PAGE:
More straight talk needed on final wishes: doctor

Dr Claire Hepper

Dr Claire Hepper

CRESWICK doctor Claire Hepper says there is a need for more straight talking about death and dying.

Dr Hepper and palliative care advocates Shannon’s Bridge will host an information session on Tuesday in a bid to help spark community action on death, dying and bereavement.

The event is part of Dying to Know Day, on which Ballarat Hospice will take part in the headline event at Federation Square, Melbourne.

Dr Hepper, a general practitioner, said there needed to be greater grassroot discussions on advance care plans – she wanted people to remember death was a part of life.

“Healthcare professionals have a much better chance of helping support people and respecting those wishes if we know what they are before they thrown into a maelstrom of tests, specialist visits and medication side effects,” Dr Hepper said.

“The doctors and health services do amazing work every day. But if the first time an advance care plan is mentioned is when you are already in hospital, we are not doing our jobs as community members to discuss the issue of death and dying.”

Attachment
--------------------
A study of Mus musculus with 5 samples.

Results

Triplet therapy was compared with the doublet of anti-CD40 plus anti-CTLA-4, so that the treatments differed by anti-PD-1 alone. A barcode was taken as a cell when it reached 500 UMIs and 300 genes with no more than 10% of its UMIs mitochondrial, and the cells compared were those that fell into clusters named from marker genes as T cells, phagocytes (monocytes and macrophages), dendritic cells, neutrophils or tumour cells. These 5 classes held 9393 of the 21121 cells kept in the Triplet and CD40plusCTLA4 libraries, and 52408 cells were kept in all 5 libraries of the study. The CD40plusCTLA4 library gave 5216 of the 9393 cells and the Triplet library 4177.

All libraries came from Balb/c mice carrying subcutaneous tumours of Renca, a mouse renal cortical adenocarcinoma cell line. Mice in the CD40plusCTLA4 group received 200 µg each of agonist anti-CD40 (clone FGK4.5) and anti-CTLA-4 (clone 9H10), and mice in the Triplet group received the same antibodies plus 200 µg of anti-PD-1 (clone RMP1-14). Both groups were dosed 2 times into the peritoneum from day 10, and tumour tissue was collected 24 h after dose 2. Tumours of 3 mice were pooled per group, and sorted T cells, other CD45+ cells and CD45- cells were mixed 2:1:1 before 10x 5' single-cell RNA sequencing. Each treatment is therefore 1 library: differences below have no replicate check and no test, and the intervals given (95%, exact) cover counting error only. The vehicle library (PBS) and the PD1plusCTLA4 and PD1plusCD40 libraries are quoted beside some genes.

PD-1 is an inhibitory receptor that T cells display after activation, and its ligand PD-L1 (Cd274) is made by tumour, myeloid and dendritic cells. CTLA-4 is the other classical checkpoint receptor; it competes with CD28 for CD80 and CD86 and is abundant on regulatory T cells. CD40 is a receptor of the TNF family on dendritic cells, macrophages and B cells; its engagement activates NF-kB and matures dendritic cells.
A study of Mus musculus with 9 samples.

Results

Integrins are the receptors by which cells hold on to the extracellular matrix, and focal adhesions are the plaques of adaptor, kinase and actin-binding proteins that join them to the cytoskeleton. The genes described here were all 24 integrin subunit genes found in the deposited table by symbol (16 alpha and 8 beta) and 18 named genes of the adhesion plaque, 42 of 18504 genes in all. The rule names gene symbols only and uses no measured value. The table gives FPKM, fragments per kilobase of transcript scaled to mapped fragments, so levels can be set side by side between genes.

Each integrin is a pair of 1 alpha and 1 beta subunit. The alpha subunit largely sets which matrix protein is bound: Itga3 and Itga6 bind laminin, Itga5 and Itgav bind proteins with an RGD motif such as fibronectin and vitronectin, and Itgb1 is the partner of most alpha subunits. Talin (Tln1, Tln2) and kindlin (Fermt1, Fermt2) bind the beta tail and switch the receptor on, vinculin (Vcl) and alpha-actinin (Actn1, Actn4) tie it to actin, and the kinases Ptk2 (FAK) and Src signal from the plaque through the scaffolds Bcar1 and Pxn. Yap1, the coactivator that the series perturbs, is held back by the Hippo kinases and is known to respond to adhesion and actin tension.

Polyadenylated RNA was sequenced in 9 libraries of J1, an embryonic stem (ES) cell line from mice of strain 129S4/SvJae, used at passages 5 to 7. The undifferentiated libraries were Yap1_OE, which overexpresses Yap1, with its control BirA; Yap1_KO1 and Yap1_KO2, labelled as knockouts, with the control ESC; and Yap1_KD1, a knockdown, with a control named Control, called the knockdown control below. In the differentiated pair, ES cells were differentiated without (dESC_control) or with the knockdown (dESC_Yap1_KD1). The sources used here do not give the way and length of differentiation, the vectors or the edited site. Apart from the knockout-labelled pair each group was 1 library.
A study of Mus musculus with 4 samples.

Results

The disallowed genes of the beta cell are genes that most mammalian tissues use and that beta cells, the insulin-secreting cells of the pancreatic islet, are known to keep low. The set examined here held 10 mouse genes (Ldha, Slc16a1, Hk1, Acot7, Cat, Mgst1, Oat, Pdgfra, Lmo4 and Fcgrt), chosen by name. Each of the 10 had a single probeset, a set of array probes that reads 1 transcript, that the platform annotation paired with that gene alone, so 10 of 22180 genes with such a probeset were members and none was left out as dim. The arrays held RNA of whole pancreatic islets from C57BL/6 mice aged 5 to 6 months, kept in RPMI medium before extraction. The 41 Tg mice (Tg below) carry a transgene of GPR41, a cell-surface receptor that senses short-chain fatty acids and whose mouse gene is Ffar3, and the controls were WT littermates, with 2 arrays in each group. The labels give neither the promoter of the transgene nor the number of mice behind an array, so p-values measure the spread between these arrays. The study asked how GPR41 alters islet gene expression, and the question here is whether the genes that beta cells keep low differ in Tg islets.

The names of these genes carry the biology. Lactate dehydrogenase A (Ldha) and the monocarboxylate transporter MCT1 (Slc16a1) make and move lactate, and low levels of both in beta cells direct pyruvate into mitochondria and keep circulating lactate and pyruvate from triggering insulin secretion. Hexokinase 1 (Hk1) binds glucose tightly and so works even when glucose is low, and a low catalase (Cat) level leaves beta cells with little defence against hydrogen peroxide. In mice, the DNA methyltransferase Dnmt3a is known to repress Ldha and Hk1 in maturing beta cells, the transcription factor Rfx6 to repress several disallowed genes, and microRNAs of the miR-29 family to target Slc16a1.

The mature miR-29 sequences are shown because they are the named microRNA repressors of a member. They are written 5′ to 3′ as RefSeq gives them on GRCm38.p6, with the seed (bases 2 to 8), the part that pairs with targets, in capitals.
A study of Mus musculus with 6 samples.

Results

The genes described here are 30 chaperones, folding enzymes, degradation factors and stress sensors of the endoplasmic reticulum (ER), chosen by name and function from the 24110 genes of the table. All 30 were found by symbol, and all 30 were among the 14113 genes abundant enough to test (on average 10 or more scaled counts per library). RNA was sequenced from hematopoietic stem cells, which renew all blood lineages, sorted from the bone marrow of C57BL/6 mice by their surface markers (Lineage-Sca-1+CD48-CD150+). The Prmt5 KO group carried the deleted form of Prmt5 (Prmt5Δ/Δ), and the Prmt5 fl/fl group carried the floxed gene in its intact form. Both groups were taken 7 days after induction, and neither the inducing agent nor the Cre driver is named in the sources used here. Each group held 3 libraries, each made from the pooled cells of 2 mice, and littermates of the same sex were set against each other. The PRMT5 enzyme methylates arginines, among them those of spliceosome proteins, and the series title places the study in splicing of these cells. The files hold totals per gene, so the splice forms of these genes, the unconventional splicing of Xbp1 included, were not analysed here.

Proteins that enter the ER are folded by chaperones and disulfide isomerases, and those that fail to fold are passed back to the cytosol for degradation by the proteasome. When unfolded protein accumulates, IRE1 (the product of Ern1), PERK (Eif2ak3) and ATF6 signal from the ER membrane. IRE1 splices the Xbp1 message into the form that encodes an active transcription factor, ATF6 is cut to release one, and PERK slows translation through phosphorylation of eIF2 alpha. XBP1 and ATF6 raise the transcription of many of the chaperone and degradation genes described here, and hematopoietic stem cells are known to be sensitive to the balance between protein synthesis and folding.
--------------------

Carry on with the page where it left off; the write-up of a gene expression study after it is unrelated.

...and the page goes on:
Dr Hepper is a Hospice board member and Shannon’s Bridge director. Both organisation offer expertise to help people navigate end of life care.

Shannon’s Bridge aims to improve death literacy and in training volunteers to help bridge palliative care support where services do not reach.

The organisation has built on the legacy of Shannon’s Packs, kits with the medicines, tools and information sheers so more people could die at home in relative comfort. They were the wish of Shannon McKnight, who died at her home in Mount Glasgow about a year ago, aged 19.

Shannon wanted to make palliative care easier for others in rural areas where after-hours services were stretched thin.

The Dying to Know Day theme in Creswick will be “Why NFR (not-for-resuscitation) is NQR (not quite right)”. 

Dr Hepper said Dying to Know Day, World Hospice Day and Palliative Care Week were important in generating talk. She said people plan big events in life, like weddings, births and major holidays, so it seemed sensible to also consider death.

Ballarat Hospice Care executive officer Carita Clancy said the organisation felt it was important to be involved in Dying to Know Day.

“We believe it’s time to start frank, open discussions about death, dying and bereavement and we are very pleased we can take part in a day that encourages everyone to have those vital conversations,” Ms Clancy said.

Dying to Know Day information session is open to all at the Creswick-Smeaton RSL on Tuesday, from 2-5pm.